Thirty years ago today—on June 28, 1985—the Straight published my interview with Supertramp drummer Bob Seibenberg. That’s no big whoop in the grand scheme of things, but at the time the band had just released its first album without original member Roger Hodgson, Brother Where You Bound, so there was interest in how it would sound (and sell) without the guy who’d written and sung its biggest hits.
I remember the local A&M Records rep drove me out to Vancouver airport to interview Seibenberg at a bar there. That was pretty unusual. I was impressed when the drummer told me that his brother-in-law–who plays guitar along with David Gilmour on the title track–was Scott Gorham of Thin Lizzy fame.
If I recall correctly, the album didn’t do much for me, though. Tweren’t no Crime of the Century.
“Roger wanted to do his own thing for quite a while,” says Supertramp drummer Bob Seibenberg, “and the rest of us wanted to get back to our earlier sound. AfterBreakfast in America—which was such an obviously big album—we tried to decide whether we should do Breakfast in America again, or come back a little heavier.
“We came back with Famous Last Words, and it wasn’t really what we wanted to do. That was obviously the beginning of the end there, you know.”
The “musical differences” that surfaced between Supertramp’s co-leaders Roger Hodgson and Rick Davies around the time of Famous Last Words eventually led the rest of the group to side with Davies. And though Hodgson stuck with the band through their 1983 World Tour, it was common knowledge—among band members and fans alike—that the was on his way out. In 1984 he cut the ties for good with the release of a successful solo album, In the Eye of the Storm.
“Roger’s a neat guy,” claims Seibenberg, “and we miss him from that point of view. But internally–in terms of getting on with the business of being a group–everybody’s happier now.”
Supertramp’s recently released their ninth album, titled Brother Where You Bound. Davies is clearly the man in control now, having written all the music and lyrics on the latest LP. “He knows what he wants, says Bob, “and we’re only too happy to go for that.”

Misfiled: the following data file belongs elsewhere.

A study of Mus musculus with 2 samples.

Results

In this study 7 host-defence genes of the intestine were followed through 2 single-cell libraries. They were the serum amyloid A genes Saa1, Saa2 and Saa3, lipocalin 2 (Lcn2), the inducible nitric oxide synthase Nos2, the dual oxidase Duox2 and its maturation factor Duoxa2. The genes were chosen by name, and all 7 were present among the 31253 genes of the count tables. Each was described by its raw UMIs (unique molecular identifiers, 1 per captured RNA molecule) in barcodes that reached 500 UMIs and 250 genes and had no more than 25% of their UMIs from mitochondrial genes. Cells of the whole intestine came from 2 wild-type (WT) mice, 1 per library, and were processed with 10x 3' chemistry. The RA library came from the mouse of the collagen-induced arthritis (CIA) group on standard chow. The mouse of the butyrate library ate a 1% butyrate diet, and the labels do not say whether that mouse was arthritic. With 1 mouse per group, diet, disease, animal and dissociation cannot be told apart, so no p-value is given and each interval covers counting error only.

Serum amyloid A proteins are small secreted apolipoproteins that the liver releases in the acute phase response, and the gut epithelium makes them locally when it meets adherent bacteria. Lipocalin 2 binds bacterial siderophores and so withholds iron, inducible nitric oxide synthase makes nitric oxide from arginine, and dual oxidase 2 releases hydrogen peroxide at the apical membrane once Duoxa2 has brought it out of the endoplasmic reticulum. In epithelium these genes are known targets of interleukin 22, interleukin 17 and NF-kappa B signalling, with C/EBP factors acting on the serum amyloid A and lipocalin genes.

And what is it like recording as a four-piece band now?
“Well, it’s a pretty slick machine. The four of us play all the time anyway, just around at Rick’s house. We go in and have a few beers and play Fats Domino and stuff. And we groove pretty well together. We could probably do two 45’s [45-minute sets] in a local club, you know.”
When Roger Hodgson left, Supertramp lost not only a major songwriter and vocalist, but also a guitarist. For Brother Where You Bound they hired session player Marty Walsh, who had done stints with both Eddie Money and Christopher Cross. And on the 16 1/2-minute title track, there also appearances from Scott Gorham (Seibenberg’s brother-in-law, formerly with Thin Lizzy) and Dave Gilmour (late of Pink Floyd). According to Seibenberg, the idea of using Gilmour for one song came about on the spur of the moment.
“We tried Marty doing a solo, and we tried Scott doing a solo, and it just wasn’t the ticket. So we were sort of going, ‘Well, a Dave Gilmour-kinda thing would be neat here.’
“And Norman our engineer went, ‘Well why the…don’t you just call up Dave Gilmour?!’ And we went, ‘Duhhh!’ So we sent him a cassette, and he came back to us in a couple of days and said, ‘When?’
“And he was just great to work with. I mean you don’t have to do anything at the desk. He works out there with his roadie for a couple of hours, and fiddles with all his stuff, and it’s like ‘Ready!’ You just slip the fader up and it’s just there–like a trademark sound.”
“Brother Where You Bound” is the showpiece of the new album (which is currently #8 on the Straight’s Top 50). It is one song that ‘s been a long time in the making.
“It was slated for Famous Last Words,” explains Bob, “but it looked a bit silly up against some of the lighter tracks on that album, so we saved it. We anticipated it being the backbone of the next effort, knowing that Roger would not be around.
“People would always come up to us and say that they really like the ‘Crime of the Century’ song, and the ‘Fool’s Overture’ kinda thing—the big piece where it stops and there’s effects and musical pictures. So Rick stuck ‘Brother’ back someplace and just worked on it over the years, to come out with something like that himself.”
The “musical pictures” of “Brother Where You Bound” have been put together in the form of an 18-minute video, filmed in L.A. by Dutch director Rene Daalder. The clip is currently making the rounds on both MTV and Canada’s MuchMusic.
“It’s controversial,” says Seibenberg. “People aren’t really sure whether they like it or not. And I’m kinda the same way–I’m not quite sure that I like it or not either. But the whole point of the thing is that people are talking about it. It disturbs people, and makes them think.
“It’s kinda violent. I mean there’s guys on fire. But it’s not as bad as the news. I’ve said I wouldn’t let my kids watch it, but I don’t let them watch Magnum P.U. either. And it’s certainly nothin’ like Friday the 13th or anything like that.
“But we didn’t make it for the kids. It’s like a political kind of thing that’s a statement against violence. It’s directed at people who are supposed to be takingcare of all this and that’s older people.”